Sport magazine became the latest casualty among consumer titles after the free weekly ceased publication following the collapse of Sport Media & Strategie, its French parent.

The company has already held talks with larger European publishers over the sale of the British operations but a deal is far from being agreed. It is not known whether a buyer will be sought for the French edition.

Greg Miall, managing director of Sport UK, said: “The last six months have been very tough. In September and October, when Lehman went under, a lot of people pulled their advertising and waited until Christmas. The market has come down a lot more than the official WPP and Aegis-type estimates.

“If you are down 20 per cent you are not doing so badly. When you speak to people who run businesses they are down more.”

The magazine has a small staff of 24 and circulation of 317,000 a week. It was launched in 2006 but has never made a profit.

Administrators for the UK side of the business will be appointed in the next couple of days. They have already been appointed in France.

Sport operated in the men’s lifestyle market and from an advertising perspective competed with FHM, Men’s Health and GQ, which are published by Bauer Media, Natmag and Condé Nast respectively.

Mr Miall, who confirmed the company had enough cash to pay its staff this month, said: “A lot of the magazine companies have got a lot of issues at the moment. They love our magazine but say they don’t need another issue.”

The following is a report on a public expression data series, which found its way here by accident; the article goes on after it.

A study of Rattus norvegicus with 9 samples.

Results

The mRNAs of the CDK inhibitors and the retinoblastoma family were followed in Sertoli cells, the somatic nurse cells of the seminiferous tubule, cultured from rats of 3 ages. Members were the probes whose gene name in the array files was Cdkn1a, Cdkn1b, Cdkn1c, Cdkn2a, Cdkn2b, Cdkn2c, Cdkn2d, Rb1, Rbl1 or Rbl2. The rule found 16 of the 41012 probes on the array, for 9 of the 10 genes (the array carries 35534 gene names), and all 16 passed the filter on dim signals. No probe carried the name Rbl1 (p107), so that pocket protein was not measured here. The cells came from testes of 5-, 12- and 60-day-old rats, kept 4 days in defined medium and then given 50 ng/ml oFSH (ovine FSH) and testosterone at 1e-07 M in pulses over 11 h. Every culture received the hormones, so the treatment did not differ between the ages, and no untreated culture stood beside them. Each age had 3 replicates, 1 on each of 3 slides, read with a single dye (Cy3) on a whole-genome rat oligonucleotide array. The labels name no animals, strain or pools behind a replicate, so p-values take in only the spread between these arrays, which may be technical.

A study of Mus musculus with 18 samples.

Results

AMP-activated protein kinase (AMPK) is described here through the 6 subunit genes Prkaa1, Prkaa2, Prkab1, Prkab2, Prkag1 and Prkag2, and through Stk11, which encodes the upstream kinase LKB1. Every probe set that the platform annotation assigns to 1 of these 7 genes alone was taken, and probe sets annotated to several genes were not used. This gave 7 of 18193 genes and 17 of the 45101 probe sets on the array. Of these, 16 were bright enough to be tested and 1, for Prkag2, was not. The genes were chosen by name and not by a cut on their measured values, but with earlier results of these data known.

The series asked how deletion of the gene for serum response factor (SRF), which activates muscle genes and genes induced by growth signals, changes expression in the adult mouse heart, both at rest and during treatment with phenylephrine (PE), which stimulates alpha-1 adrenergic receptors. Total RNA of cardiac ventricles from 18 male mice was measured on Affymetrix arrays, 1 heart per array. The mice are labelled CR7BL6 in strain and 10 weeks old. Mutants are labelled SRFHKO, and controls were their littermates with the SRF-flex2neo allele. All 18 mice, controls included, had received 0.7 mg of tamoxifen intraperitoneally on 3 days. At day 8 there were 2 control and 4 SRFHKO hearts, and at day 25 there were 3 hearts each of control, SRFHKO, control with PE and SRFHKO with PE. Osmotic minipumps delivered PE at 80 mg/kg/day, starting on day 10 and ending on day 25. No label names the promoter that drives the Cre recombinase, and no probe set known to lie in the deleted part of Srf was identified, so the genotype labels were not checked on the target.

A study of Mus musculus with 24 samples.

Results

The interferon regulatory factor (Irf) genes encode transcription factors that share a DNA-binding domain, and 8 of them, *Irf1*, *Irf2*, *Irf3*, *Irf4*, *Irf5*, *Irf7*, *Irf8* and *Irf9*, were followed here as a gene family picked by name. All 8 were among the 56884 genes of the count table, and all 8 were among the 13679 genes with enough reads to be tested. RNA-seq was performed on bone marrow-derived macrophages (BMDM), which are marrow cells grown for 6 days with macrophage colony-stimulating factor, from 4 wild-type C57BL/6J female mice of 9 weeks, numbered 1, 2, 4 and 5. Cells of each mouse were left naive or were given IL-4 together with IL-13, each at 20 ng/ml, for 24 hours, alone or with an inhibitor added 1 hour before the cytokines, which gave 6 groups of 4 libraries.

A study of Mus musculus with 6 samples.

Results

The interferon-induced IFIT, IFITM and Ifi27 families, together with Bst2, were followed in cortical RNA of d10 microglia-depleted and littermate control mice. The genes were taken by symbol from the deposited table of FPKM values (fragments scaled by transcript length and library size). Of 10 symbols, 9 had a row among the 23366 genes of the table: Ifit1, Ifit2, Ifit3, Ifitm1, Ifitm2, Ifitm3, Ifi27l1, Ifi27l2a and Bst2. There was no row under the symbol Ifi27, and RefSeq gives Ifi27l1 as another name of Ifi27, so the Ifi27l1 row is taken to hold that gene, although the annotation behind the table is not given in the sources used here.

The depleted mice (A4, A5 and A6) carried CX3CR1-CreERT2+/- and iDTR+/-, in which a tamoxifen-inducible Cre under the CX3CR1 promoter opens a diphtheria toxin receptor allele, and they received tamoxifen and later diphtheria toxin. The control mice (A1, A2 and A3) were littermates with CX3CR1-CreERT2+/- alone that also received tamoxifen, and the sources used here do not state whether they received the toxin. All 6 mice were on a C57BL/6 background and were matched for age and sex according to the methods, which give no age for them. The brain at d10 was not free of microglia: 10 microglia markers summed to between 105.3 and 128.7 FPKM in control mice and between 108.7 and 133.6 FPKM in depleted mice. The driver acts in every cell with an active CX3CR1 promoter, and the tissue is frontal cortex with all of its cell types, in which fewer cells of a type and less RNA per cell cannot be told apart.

The launch of free titles such as Sport and its competitor Shortlist, another lifestyle magazine for men, was made amid great fanfare as it was thought they would provide a vehicle for advertisers to reach the elusive, young, upmarket, male readers.

However, there has been a recent shake-out in this market.

Maxim, the well-known men’s magazine, will disappear from shops in June after Dennis Publishing, its owner, decided to move the struggling publication online only. Its circulation fell 41 per cent in the final half of 2008. Bauer closed Arena, its upmarket men’s lifestyle magazine, last month after 22 years on British newsstands.

Sport, which won “launch of the year” in 2007, built its reputation on big interviews with sports personalities such as Tiger Woods, David Beckham and Rafael Nadal. Sport was handed out in certain commuter stations, airports, on Eurostar and at gyms.